From Cee Angi at The National Pastime Museum on September 11, 2016:
I often wonder about how the majority of baseball fans would answer this hypothetical: Would you rather your team win a World Series, then miss the postseason for the bulk of the next 25 years, or watch a team that doesn’t win the World Series, but strings together multiple competitive seasons, even postseason appearances, without winning the title?
This hypothetical is poignant when discussing the Cincinnati Reds. In the 1970s, they were a baseball dynasty, the Big Red Machine, reaching the playoffs in six out of 10 seasons, making the World Series four times and winning it twice. In the decade that followed, the Reds never reached the postseason, then suddenly were World Series champions in 1990. In the 25 seasons since, the Reds have just made the postseason four times, haven’t made it back to the World Series, and it seems that the window they had in 2012 and 2013 has been slammed shut.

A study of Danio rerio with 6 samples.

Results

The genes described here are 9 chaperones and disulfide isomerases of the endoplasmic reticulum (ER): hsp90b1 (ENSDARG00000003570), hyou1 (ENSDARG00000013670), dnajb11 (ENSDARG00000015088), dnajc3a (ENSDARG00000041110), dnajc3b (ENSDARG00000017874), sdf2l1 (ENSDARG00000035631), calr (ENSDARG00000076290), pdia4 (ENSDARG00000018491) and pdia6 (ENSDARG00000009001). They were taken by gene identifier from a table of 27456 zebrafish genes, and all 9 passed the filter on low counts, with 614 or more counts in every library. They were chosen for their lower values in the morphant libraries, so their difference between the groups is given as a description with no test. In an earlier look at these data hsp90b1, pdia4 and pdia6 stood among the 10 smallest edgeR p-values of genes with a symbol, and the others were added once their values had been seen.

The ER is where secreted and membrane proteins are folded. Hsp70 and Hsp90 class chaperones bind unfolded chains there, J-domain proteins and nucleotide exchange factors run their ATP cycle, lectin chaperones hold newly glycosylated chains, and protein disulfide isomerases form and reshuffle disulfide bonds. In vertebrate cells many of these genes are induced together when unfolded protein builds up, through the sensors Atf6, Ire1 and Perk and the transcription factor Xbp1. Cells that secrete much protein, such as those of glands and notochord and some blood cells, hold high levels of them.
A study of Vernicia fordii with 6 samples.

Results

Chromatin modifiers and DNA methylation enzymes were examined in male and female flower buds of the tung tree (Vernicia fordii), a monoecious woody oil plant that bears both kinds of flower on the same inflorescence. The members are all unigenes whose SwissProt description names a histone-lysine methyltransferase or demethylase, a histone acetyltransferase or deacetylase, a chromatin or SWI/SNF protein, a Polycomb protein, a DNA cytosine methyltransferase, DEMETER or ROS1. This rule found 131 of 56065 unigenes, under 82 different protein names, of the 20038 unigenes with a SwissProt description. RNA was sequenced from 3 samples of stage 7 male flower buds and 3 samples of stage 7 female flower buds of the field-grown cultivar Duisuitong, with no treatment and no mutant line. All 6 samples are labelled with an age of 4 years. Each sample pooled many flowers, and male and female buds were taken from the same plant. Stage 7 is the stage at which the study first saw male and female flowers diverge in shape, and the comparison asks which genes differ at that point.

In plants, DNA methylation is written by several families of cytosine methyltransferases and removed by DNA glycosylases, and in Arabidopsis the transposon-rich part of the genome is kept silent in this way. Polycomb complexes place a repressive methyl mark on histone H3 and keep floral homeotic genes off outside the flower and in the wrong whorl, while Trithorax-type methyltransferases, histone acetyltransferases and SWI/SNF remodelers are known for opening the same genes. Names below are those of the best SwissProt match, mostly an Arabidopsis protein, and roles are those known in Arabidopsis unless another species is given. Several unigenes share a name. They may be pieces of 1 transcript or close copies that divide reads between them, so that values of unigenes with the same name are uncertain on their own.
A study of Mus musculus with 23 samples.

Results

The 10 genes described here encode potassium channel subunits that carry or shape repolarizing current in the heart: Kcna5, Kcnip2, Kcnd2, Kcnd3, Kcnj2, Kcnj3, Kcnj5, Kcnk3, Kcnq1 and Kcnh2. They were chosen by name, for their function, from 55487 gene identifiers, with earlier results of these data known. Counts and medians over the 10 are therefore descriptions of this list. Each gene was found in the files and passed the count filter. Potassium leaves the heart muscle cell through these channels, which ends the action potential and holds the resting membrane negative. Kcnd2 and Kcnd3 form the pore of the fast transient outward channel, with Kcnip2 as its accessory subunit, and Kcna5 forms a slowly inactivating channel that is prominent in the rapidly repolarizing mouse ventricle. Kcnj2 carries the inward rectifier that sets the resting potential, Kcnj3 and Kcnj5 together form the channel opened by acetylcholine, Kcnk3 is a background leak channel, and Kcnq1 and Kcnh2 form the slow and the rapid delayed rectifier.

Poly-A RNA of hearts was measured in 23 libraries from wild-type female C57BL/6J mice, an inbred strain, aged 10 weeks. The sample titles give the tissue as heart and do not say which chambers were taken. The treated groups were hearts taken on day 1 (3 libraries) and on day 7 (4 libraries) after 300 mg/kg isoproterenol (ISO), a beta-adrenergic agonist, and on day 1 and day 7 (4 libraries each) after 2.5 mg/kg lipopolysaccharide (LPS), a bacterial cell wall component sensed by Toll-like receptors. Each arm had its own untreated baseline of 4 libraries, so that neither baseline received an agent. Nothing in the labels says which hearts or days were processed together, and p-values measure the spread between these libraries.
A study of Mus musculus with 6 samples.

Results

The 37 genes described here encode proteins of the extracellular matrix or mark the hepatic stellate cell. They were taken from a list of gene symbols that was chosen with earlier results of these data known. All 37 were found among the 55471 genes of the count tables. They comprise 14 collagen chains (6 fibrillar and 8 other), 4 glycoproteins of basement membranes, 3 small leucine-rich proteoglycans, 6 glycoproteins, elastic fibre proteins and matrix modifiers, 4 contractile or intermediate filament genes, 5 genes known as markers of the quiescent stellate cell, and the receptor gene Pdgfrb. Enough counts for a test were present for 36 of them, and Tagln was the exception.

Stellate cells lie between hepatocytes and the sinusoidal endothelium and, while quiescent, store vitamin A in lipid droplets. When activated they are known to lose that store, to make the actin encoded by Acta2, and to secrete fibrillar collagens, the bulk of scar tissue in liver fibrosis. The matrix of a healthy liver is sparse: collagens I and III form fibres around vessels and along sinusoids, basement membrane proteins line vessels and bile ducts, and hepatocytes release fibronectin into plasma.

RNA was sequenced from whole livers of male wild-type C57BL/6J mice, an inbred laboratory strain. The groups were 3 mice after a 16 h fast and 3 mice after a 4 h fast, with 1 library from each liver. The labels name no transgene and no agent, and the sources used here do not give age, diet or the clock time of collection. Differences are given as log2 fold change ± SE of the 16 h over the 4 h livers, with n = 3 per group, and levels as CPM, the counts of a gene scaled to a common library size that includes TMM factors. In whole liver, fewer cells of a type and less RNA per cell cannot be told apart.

What’s left is a baseball organization whose one year of success was a sweet aberration couched between periods of disappointment, marred with scandal, and with a front office that could not get out of the way of crazed ownership. Marge Schott had begun damaging the team as soon as she took over in 1984, and she maintained a controlling interest through 1999, a large swath of time for neglect, the lingering repercussions of which were felt long after she was gone. It wasn’t just ineptitude, it was willful chaos—Schott was suspended three times for making racist comments, the team’s doctor resigned in the year that followed the World Series, stating that the budget cuts made it too difficult to provide quality treatment to the players, and front-office employee Tim Sabo was fired, prompting him to sue the Reds for unfair business practices and discrimination and to reveal some of the horrors of working for a miserly, canine-obsessed, corrupt car dealer with Nazi sympathies.
Read the full article here: http://www.thenationalpastimemuseum.com/article/reds-part-iv
Originally published: September 12, 2016. Last Updated: September 12, 2016.